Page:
THE PLATE held five or six snipes, halved and oozing with a melange of grease and burnt soya-colored gravy.
In Tagalog-speaking areas, we call these birds as kanduro. Enterprising farm-based traders (mostly from Bulacan and Pampanga) net ‘em by sackfuls, peddle a dozen-per-string of snipes in plush neighborhoods in the metropolis. Steep price to pay for a lean gaggle of birds that takes hours to dress, marinate, and cook.
It was a late breakfast treat from the Upsilonian brod and Shell training farm manager. He wanted my taste buds to bring home a fond memory of a local Bicol delicacy, concocted by a carinderia off the Legazpi airport.
So I dug in, divining the marinade’s ingredients with the first few morsels chewed -- dark soy sauce, kalamansi, sugar, Seven-Up or Sprite, and garlic. No hint of gaminess with the flavor a quaint closer to a combo of quails and bacon’s than free-range chicken’s.
The Upsilonian insisted that I finish the job. Instead, I let out a bellyful of complaints. (Hah, one becomes what he eats—I took snipes, I’ll let out a few snipes.) The Seven-Up component in the marinade made the stringy all-dark meat tender and infused a whit of sweetness, I began, but why slather the ensemble with cooking oil? That was disastrous, mwa-ha-ha-haw!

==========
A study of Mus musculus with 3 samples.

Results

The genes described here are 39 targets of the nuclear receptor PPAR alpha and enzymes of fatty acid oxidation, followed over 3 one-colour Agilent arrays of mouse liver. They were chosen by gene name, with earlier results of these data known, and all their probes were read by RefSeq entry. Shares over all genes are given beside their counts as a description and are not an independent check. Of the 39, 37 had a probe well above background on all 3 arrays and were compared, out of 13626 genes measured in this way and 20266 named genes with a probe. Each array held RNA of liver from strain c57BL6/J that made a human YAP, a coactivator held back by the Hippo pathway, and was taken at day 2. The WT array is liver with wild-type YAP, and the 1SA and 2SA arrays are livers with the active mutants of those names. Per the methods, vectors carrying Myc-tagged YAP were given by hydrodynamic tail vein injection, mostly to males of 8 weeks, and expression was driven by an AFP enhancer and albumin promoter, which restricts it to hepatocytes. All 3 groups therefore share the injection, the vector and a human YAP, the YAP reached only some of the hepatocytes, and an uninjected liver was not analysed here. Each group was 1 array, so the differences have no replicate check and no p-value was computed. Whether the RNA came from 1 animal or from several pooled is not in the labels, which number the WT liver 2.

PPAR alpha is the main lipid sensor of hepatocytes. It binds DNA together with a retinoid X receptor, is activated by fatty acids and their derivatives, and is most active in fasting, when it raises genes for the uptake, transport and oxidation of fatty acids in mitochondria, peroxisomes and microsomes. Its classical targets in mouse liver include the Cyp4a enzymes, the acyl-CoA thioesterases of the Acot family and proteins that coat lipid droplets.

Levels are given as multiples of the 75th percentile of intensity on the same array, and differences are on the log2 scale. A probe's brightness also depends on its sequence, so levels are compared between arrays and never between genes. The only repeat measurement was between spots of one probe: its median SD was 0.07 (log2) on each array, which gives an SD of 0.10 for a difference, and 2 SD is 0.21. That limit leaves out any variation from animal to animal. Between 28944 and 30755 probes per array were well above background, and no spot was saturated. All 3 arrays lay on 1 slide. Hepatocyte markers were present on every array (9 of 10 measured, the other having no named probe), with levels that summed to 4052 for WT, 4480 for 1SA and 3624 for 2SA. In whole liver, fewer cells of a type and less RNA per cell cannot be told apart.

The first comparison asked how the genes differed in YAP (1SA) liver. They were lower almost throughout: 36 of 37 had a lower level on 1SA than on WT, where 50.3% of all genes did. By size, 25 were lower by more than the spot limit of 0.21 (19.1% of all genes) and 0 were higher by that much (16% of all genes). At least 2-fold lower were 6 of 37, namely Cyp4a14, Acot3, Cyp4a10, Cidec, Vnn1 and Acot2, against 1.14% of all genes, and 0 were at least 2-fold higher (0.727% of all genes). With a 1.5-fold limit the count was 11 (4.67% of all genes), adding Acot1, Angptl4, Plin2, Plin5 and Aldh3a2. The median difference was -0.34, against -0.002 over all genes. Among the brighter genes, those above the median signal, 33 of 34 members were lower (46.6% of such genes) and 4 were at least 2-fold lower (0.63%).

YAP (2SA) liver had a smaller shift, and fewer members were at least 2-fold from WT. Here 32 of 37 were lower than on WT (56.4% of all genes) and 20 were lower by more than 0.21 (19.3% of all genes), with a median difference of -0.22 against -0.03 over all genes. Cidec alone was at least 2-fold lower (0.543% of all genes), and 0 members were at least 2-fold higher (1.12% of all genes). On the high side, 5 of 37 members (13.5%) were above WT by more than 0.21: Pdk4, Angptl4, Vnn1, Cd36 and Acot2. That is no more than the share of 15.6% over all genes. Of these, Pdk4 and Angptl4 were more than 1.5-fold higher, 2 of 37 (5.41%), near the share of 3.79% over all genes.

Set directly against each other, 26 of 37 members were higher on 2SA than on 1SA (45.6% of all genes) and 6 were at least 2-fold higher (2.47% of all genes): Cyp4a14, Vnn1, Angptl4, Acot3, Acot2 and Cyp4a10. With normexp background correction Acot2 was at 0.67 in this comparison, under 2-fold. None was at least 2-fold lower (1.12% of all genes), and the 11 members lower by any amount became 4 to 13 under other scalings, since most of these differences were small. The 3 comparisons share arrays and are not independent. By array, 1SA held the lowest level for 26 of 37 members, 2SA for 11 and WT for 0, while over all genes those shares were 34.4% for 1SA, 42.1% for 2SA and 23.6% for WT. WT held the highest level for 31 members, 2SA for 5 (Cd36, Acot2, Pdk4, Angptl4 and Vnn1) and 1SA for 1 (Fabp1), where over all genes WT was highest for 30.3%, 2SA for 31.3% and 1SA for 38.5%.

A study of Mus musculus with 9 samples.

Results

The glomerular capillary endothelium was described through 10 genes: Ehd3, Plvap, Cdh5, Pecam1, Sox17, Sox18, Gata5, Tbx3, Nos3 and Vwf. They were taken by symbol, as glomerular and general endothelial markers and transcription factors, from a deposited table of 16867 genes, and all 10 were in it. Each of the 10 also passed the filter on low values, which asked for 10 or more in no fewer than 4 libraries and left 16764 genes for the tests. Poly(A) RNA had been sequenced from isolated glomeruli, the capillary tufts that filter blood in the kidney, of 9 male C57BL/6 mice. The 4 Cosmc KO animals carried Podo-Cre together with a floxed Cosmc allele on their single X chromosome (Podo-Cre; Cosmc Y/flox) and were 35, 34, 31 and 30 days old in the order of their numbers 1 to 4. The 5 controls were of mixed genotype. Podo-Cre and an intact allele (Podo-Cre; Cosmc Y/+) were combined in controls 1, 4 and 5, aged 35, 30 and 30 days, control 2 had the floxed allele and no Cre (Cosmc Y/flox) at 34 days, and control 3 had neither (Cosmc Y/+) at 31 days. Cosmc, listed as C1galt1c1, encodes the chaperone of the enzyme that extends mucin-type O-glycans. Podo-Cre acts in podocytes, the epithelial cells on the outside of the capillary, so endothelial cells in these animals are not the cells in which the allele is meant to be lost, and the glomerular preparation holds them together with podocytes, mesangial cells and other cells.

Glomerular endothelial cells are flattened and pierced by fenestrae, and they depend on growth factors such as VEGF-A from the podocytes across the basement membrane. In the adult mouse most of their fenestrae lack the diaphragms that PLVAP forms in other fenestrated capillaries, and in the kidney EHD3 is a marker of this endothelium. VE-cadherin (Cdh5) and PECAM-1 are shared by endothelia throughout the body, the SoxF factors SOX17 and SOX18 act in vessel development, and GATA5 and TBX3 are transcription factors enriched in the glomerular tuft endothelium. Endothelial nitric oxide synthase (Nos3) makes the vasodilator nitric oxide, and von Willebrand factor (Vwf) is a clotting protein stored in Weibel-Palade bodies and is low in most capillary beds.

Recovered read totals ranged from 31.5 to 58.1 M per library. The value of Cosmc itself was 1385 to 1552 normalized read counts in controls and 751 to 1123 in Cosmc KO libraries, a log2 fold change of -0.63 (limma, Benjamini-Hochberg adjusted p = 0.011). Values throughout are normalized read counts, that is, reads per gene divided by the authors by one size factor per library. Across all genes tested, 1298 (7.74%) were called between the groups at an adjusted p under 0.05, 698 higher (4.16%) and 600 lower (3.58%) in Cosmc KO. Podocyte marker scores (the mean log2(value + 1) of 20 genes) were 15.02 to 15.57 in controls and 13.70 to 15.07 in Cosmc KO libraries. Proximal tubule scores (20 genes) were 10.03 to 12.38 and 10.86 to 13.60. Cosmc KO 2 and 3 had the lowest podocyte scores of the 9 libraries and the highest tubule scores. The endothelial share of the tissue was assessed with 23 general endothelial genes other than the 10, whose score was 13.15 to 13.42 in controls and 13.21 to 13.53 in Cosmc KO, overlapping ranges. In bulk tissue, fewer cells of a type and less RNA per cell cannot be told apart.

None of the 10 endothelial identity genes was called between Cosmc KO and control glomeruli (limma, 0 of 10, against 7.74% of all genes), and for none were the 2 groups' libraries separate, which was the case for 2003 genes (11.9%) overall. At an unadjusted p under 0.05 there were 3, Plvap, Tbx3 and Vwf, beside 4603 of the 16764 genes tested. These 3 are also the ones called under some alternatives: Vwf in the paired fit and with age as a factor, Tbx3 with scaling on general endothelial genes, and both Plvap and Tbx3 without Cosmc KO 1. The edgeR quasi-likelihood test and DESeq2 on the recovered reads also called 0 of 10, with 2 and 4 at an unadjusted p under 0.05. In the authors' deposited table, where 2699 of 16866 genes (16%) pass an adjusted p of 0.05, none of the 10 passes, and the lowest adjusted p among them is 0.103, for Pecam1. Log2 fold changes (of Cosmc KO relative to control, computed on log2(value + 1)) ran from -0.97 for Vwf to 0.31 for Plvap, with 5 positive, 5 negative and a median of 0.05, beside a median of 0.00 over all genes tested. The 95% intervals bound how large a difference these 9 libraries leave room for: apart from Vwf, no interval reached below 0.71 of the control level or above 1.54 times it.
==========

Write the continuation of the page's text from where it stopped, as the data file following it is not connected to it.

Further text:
A better culinary option: steep dressed snipes in soda water with a wee drizzle of Seven-Up, fresh basil, light soy sauce, and orange pulp; turbo-broil, roast or steam ‘em fully-marinated snipes; next, do the sauce separately, i.e., add some chopped mushrooms and chives to the marinade -- a three-minute rumble in a sauce pan would do. Pour sauce over broiled or steamed snipes, serve with a few stalks of leeks or fresh coriander. The side veggies are for color contrast, for a Viagra after-effect on the partaker, mwa-ha-ha-haw!
We have to highlight snipes’ delicate flavor; we don’t want it smothered in too-strong sauces. (Uh-oh, I had a brief stint as assistant cook in a carinderia but that won’t be included in my resume. I’m known better as a kook dishing mischief than a cook aspiring to be a chef.)
It ain’t the cost of the delicacy that matters to the pockets -- it’s the values added to the ingredients that picky eaters go for. Why, business ought to be value-competitive rather than cost-competitive to ensure profitability, so I argued.
The stream of arguments, even the foray into cost- and value-competition had no effect. The Upsilonian obliged me to finish ‘em snipes. I did.